Throughout the hype phase that has arisen around Libra's announcement, Facebook has been very adept at shifting attention from one of the main themes that this launch raises. Libra was presented simply as Facebook bitcoin. In reality, with Libra, a new form of payment management organization is being proposed.
By researching the history and technologies of the infrastructures underlying the payment systems, several similarities can be found between Libra and Visa. But it is differences that make change better perceived.
Was Libra inspired by Visa?
It is easy to think that Libra's founders were inspired by the work of Visa founder Dee Hock. He sensed that the problem of transactions between banks was not technological but organizational. When he developed Visa, Hock felt it was crucial that it did not end up in the hands of a few shareholders concerned solely with their interests.
He devised the system so that users, banks or credit unions would "own" Visa as if they were in a member cooperative. The ownership, in this case, did not imply the right to sell shares, but an irrevocable right of participation to jointly decide the rules of the game and the future of Visa itself.
The stimulus was to create a malleable but lasting payment infrastructure, from which all members would benefit in the long term.
Libra is supported by the Libra Association, a group of members regulated by a collaborative organization similar to that which the first Visa members had. But it reverses Hock's principles. The Libra Association takes care of the ownership and control of its members as it would in a private club. And it is a club with high admission requirements: each member must invest a minimum value of USD 10 million in Libra, or have USD 1 billion in market value, among other criteria.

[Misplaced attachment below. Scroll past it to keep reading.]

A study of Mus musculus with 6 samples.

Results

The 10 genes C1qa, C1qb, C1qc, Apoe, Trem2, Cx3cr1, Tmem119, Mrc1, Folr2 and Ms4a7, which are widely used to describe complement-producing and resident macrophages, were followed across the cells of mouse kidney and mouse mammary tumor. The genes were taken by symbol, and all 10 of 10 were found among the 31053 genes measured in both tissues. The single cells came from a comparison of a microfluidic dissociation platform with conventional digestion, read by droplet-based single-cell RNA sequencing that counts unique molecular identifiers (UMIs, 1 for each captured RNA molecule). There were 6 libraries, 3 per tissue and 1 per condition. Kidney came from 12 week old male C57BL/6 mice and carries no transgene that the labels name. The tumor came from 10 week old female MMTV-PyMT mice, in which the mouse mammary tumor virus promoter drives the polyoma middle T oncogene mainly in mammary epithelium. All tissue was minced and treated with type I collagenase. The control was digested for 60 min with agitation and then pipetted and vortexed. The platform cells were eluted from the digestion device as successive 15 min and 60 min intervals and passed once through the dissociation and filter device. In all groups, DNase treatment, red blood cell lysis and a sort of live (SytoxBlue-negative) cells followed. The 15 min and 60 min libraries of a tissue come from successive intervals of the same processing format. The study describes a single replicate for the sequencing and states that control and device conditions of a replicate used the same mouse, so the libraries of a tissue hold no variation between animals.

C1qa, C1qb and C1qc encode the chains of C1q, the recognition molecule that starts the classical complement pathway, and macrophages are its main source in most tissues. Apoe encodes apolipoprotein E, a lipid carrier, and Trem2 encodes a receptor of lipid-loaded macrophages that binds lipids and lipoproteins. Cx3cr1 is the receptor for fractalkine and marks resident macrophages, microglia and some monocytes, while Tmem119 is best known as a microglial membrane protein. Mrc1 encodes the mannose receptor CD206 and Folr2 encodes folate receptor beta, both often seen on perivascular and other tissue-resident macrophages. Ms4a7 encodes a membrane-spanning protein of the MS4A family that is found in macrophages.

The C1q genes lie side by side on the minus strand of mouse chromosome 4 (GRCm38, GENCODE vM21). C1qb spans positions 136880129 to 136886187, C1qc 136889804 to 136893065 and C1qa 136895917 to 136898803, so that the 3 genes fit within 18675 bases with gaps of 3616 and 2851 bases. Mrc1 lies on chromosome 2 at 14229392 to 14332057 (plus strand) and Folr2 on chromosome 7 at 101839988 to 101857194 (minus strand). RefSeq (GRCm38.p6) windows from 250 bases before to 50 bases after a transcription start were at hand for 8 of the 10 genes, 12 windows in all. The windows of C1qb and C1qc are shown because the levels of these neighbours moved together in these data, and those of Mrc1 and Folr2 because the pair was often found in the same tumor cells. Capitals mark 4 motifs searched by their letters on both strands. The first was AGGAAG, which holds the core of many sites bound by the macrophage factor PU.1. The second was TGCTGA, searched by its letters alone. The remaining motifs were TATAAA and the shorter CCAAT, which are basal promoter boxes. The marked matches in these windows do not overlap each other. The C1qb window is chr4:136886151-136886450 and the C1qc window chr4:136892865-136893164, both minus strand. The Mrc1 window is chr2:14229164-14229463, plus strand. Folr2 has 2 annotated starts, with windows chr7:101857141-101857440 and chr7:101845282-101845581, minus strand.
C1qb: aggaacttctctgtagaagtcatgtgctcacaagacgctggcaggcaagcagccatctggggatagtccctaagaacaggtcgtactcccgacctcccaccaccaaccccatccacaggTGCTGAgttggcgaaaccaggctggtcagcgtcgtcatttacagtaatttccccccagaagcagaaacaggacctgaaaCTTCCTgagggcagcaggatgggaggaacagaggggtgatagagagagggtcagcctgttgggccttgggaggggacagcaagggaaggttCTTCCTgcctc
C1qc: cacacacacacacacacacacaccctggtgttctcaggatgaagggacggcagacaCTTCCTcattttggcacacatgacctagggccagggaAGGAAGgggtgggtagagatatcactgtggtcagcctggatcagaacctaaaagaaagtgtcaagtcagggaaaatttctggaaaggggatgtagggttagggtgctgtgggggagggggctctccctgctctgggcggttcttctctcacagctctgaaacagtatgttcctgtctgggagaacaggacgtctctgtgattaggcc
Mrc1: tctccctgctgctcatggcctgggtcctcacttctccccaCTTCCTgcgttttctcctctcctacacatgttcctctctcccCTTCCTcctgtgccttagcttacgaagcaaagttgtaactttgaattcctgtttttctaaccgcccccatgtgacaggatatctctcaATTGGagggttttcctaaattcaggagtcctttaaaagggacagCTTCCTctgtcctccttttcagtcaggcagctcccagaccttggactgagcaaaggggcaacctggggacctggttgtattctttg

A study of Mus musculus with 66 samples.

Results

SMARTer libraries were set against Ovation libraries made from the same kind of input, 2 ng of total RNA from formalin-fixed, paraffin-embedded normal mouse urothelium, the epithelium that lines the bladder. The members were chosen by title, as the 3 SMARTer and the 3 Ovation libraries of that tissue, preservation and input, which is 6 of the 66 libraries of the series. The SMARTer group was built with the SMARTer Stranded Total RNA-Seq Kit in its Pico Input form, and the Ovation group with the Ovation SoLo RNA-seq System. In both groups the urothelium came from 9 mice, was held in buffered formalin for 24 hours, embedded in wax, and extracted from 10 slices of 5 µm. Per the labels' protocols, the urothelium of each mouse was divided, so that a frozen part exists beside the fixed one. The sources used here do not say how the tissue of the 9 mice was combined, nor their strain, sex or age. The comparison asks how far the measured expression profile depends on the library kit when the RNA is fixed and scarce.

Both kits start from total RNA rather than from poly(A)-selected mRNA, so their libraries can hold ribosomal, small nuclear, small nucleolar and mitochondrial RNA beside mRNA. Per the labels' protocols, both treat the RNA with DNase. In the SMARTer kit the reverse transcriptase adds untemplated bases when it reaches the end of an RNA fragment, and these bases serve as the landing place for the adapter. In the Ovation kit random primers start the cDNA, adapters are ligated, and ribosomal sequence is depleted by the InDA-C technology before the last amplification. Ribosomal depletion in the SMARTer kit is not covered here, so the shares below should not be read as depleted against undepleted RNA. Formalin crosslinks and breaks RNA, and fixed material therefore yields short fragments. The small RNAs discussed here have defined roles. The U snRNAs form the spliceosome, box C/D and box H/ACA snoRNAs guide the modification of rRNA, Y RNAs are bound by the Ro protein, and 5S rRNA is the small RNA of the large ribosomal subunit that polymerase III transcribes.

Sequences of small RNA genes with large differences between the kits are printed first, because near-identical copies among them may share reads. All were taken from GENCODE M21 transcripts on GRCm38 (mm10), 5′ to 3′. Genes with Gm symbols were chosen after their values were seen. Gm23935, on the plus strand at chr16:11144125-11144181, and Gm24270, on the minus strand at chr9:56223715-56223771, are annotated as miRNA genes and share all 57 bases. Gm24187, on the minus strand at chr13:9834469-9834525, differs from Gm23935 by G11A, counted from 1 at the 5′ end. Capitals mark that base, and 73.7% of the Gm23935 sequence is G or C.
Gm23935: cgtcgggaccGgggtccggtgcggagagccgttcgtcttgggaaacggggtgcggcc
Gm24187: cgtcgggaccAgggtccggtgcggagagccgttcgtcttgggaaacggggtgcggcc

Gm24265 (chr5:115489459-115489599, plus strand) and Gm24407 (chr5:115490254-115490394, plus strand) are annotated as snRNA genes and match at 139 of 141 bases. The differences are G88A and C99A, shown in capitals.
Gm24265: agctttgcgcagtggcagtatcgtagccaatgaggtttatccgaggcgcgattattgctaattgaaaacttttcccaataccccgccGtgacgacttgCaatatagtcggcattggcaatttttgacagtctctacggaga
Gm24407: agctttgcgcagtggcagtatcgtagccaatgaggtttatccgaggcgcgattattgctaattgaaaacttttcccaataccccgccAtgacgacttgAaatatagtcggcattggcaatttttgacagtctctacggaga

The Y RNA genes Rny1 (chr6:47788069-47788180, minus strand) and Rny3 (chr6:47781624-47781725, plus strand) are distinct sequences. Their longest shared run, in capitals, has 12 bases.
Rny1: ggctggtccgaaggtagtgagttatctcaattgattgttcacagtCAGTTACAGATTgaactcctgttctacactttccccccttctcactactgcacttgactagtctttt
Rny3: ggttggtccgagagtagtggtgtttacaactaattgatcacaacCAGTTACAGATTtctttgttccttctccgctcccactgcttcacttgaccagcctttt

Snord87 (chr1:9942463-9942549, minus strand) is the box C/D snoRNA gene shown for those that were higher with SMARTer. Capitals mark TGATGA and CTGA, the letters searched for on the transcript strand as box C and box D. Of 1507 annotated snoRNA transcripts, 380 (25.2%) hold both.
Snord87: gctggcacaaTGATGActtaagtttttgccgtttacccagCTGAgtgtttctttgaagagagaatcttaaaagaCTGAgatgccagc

Potentially, in the Libra Association, the crème de la crème of global, technological and vulture capitalism, hostile to the control of governments and financial regulators, would meet. Unlike Visa, members don't compete with each other for market share. Instead, they will divide the interest accrued on Libra's reserve fund. In addition, profits are not shared with users, nor is any interest paid on the balance held by users. Being a member of the club also offers the right to vote, once again, similarly to Visa.
But unlike Visa, Libra weighs votes based on the corresponding investment, not participation. This is an undemocratic process, a plutocracy where the richest wins. The initial idea for Libra gave hope for a decentralized and participatory system like what Hock had imagined in his time. But the image that emerges is that of an anti-democratic colossus, managed by a private and exclusive club that serves its owners, not the public good.
The good news is that the Facebook project could finally push politicians to regularize technology giants, to curb their impact and influence on society.